Saturday, February 4, 2012
Removing Barriers So All Can Swim!
Many heros will be coming home soon. Many of our heros gave a part of themselves for our freedom but it also took away some of their personal freedom to move about freely. We all know how therapeutic water therapy can be for the disabled, the elderly and anyone with impaired movement.
The American Disabilities Act (ADA) has imposed rules regarding barrier removal for the disabled in regards to swimming pools specifically for primary and secondary access. There are five acceptable means of access. This rule is interpreted by each state in addition to the Justice Department. A state may have clauses in their building code which may be stricter than that of the Federal Department of Justice. This is true in North Carolina so what may be read online regarding fees or memberships to use pools in determining exclusions may not be correct on a state level.For pools over 300 linear feet, two means of access must be provided with at least one required primary access type. For smaller pools it is required to have one primary type access.
The two primary means of access would include mechanical lift chairs and also sloped entries to pools including ramps.
A mechanical lift chair can be permanently installed or be portable. It should be able to have controls so the person using the lift can use as well as someone outside the seat area. Various models are available with arm rests, foot support and portable batteries. Again check with your state code as some states will not allow a portable model.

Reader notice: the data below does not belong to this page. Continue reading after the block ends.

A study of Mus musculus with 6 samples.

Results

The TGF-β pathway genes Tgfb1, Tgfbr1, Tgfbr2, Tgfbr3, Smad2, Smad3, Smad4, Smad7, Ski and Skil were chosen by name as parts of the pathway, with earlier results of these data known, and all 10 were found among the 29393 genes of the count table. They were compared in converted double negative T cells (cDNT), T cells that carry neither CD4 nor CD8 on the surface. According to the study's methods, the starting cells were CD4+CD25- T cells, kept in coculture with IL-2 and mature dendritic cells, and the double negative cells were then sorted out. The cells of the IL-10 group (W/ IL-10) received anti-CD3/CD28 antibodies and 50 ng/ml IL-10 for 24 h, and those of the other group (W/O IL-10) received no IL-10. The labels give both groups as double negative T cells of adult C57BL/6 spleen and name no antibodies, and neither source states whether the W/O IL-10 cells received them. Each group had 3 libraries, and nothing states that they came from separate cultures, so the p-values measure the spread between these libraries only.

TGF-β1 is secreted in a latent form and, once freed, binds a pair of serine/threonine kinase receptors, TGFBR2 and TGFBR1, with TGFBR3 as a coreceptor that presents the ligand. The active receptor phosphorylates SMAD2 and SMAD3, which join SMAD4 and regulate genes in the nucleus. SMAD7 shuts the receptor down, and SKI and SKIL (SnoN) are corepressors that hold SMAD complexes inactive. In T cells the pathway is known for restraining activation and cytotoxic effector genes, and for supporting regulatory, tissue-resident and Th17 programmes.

The sloped entry can be built in or be a removable type ramp. Sloped entry is recommended if there are a large number of ambulatory users. The slope access must be thirty six inches wide (48 inches in NC, so check with your state building code) and slope twelve inches for every one foot in depth (1:12). For every thirty feet in length there must be a landing of level area of sixty inches long. Handrails and an aquatic mobile chair are required with slope or ramp entries.
The three secondary means of access consist of transfer walls, transfer systems and accessible pool stairs. The two primary means of access also qualify as secondary means of access.
A transfer wall is a wall where someone can transfer themselves from a wheelchair onto a wall and then ease themselves into the pool. There is a grab bar the width of the pool wall to help in transfer. A transfer system is similar to a wall where the person transfers from a wheel chair to the top of the device and then down the device into the pool water. A grab bar must be used on this system.
Accessible stairs offer support and rails for balance to enter the pool from a standing position and have rails.
The United States Access Board has provided a complete and very useful summary at:
The Association of Pool and Spa Professionals provides some Q&A facts, and updated Q&A linked by the highlighted words or available at www.apsp.org
The Dept. of Justice has provided an ADA 2010 Update on Accessibility as well.
As this is a complaint driven compliance issue, please be sure to check with your insurance company and counsel for the best policy and action to take. New construction must be compliant, and all existing pools must be compliant or have a plan in place by March 12, 2012. For further information please contact the Department of Justice at http://www.ada.gov/.